Last July, I attended the Iowa Summer Writing Festival. It was a choice I made to improve my writing and get exposed to something that I actively avoided for most of my life.
The university I attended, Michigan Tech, was the perfect school for the engineering/math geek I was fifteen years ago. The sales closer for consciously choosing to attend a school in a remote section of Michigan’s Upper Peninsula was the fact I only needed to take three English courses to graduate. I used to wear that as some badge of honor, proof of my ability to game the system and avoid learning the skill of choosing and arranging words to convey meaning.
I treated letters as the opposite of numbers with the precision of equations trumping the messiness of prose. That duality started to fade as I entered the world of business. Over and over I saw how success was always tied to one’s ability to communicate. Communication may take many forms, but words can’t be avoid.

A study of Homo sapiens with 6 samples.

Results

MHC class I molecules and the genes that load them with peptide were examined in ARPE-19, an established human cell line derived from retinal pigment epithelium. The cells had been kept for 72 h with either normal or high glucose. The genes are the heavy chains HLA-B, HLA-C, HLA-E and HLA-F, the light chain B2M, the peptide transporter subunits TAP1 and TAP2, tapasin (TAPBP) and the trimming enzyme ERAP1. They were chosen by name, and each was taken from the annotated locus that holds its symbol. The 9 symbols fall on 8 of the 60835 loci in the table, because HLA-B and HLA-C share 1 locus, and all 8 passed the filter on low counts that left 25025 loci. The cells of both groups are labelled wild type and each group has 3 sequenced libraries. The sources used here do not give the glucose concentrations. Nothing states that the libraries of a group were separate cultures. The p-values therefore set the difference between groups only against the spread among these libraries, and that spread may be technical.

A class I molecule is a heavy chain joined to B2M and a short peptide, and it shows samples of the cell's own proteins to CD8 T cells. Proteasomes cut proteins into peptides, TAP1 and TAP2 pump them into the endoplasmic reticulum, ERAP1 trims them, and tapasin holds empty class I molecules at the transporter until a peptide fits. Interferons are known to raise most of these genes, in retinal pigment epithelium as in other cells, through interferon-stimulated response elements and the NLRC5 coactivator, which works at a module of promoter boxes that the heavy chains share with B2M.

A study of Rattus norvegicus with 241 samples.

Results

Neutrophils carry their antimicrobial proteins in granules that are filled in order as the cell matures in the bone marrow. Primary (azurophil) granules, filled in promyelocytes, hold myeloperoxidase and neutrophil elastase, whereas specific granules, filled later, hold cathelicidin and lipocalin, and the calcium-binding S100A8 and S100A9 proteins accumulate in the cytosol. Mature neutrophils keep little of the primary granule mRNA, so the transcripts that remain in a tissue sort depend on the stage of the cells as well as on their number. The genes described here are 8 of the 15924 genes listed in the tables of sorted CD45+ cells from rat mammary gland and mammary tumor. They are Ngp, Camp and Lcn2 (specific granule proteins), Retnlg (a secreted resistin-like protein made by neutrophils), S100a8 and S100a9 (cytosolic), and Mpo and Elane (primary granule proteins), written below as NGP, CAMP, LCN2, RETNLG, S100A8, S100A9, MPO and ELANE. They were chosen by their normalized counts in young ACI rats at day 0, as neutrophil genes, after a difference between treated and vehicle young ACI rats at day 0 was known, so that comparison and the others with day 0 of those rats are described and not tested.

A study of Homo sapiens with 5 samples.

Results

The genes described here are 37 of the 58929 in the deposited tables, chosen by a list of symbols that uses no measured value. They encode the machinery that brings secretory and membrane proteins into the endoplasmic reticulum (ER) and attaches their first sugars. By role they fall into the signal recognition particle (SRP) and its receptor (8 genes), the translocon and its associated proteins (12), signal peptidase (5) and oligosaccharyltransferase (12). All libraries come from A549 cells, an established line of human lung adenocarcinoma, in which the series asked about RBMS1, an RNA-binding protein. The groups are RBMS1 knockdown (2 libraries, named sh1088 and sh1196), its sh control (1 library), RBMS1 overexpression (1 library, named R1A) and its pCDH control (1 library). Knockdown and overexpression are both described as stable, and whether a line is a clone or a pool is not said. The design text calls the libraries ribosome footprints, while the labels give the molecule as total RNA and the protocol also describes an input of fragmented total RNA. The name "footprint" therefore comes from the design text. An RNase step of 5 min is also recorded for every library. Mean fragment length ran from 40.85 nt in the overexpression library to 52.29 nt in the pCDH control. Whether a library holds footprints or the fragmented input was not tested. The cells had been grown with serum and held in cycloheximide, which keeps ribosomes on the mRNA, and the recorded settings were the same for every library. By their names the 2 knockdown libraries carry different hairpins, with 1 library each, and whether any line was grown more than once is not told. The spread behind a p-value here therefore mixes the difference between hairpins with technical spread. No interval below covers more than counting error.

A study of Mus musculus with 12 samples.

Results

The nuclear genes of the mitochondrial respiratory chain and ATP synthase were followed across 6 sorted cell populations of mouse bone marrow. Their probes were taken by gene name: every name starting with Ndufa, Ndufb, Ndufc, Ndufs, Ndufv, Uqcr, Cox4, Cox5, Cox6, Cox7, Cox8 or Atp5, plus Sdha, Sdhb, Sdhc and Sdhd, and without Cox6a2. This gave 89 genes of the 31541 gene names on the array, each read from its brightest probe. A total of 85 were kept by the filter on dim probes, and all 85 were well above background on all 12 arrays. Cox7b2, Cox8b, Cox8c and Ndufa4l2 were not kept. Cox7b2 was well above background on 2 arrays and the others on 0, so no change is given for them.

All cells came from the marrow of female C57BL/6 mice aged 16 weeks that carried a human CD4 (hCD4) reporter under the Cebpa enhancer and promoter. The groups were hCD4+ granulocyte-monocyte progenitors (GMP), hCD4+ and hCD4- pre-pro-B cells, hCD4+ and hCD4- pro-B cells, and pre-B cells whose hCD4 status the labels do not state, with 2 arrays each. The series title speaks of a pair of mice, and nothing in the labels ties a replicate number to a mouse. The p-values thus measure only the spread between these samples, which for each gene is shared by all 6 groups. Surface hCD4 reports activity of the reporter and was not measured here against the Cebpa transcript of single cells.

One of the exercises I learned last summer was to look at the words other writers use. This makes reading an essential task to becoming a better writer, but my instructor went one step further. She said to find passages from your favorite authors and retype them; put yourself in the writer’s shoes and see the way words and sentences flow as if they were being written for the first time. It’s probably no different than a painter recreating a famous work of art.
I find typing each word creates a more tangible sense for how the meanings are constructed and would recommend to others as a great writing exercise.
I have been doing my rewrites at 750words.com, a great site for building a practice for daily writing.